Updated: Sep 6, 2023

Adult children are often a parent’s named power of attorney (the “agent”). Some actually serve in this role. The reason is that their parents have reached the point where they can no longer manage their own financial affairs. Sometimes the agent has to hire the expertise needed to deal with certain issues that arise. Examples include CPAs, financial advisors, elder law attorneys, and business planners.


Protecting assets for Long-Term Care Medicaid qualification purposes is a very complicated area of the law. It is a niche practice based on systems and processes. The agent works closely with a paralegal who is supervised by an elder law attorney. They are highly trained and have a vast amount of experience in the trenches. The paralegal is in charge of carrying out the processes that result in assets becoming protected and getting the Medicaid application approved. Cooperating with the paralegal is mandatory and is a duty of care owed the disabled parent.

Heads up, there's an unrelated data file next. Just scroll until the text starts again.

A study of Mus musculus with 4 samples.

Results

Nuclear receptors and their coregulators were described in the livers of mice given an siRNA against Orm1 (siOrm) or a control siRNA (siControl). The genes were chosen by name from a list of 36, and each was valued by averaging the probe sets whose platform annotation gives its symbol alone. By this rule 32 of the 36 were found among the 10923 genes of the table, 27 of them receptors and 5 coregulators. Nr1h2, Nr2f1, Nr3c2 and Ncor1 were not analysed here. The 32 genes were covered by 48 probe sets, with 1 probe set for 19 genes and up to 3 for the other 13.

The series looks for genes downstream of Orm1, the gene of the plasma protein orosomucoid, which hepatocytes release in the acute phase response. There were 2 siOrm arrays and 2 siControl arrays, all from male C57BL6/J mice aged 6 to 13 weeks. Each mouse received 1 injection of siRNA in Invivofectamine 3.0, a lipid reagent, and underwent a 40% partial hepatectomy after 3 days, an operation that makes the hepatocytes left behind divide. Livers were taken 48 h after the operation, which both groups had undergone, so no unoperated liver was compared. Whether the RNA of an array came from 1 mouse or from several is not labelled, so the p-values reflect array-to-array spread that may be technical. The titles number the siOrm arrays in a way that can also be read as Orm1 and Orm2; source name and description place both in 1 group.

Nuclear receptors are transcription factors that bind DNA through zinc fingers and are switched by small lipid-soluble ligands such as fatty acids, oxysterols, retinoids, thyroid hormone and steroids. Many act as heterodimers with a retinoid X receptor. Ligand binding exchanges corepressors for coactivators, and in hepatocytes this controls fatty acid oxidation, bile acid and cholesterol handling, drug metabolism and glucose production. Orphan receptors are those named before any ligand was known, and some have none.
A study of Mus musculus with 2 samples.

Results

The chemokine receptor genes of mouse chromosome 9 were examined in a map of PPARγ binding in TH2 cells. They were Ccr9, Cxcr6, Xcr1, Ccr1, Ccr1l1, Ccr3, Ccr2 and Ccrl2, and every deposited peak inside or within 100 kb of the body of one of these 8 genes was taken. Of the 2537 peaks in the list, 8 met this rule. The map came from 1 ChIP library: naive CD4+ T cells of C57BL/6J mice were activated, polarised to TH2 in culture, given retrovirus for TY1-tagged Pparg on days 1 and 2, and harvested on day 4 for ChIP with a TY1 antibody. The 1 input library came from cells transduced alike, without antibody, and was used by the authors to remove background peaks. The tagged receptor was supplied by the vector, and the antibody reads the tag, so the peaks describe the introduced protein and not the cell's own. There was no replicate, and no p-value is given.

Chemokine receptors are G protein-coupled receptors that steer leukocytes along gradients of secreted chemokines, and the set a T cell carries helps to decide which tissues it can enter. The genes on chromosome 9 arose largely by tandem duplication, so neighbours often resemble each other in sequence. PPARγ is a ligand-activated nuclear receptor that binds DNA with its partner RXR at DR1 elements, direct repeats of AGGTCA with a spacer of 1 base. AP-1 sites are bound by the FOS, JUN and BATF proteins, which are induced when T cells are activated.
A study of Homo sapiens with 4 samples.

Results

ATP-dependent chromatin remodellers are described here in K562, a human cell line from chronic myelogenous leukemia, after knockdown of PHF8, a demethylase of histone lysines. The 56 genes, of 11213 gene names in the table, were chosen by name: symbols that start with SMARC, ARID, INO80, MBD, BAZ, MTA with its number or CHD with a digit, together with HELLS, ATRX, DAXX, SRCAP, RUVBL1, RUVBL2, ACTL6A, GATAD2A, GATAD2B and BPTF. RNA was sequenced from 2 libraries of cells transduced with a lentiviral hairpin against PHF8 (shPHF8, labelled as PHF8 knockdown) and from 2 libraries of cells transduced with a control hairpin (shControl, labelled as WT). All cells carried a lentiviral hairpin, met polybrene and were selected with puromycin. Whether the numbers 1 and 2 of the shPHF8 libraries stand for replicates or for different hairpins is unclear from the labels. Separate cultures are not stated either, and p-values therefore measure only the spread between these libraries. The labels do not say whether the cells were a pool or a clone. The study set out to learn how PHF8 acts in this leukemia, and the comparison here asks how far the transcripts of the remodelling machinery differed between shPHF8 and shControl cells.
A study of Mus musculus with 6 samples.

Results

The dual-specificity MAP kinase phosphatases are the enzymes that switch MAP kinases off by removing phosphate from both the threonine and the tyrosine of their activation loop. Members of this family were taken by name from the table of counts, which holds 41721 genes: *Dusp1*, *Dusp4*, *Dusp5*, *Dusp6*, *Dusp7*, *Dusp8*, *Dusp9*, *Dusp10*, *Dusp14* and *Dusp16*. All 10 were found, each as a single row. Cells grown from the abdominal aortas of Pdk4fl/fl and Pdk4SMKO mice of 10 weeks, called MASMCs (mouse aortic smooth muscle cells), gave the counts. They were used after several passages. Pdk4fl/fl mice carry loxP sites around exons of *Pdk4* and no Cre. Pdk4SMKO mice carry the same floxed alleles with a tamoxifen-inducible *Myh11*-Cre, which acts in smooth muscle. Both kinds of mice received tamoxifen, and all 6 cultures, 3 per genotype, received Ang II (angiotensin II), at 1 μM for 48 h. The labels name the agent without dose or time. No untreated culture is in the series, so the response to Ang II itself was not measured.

The driving reason for hiring an elder law attorney is to put in place a long-range financial plan so the parent can afford the care that is needed on a sustained basis. Care in a facility is very expensive. Hence, time is of the essence in achieving Long-Term Care approval.


Agents who inject themselves into the process for protecting assets due to ego, need to control, procrastination, chauvinistic behavior, need to compete, etc, ultimately cause a delay in getting the Long-Term Care Medicaid application approved. A delay in obtaining the approval costs the parent significant money (nursing home care in Delaware is in the range of $15,000/month).


There will be a day of reckoning for those agents who breach their duty and do not cooperate with the experts they hire.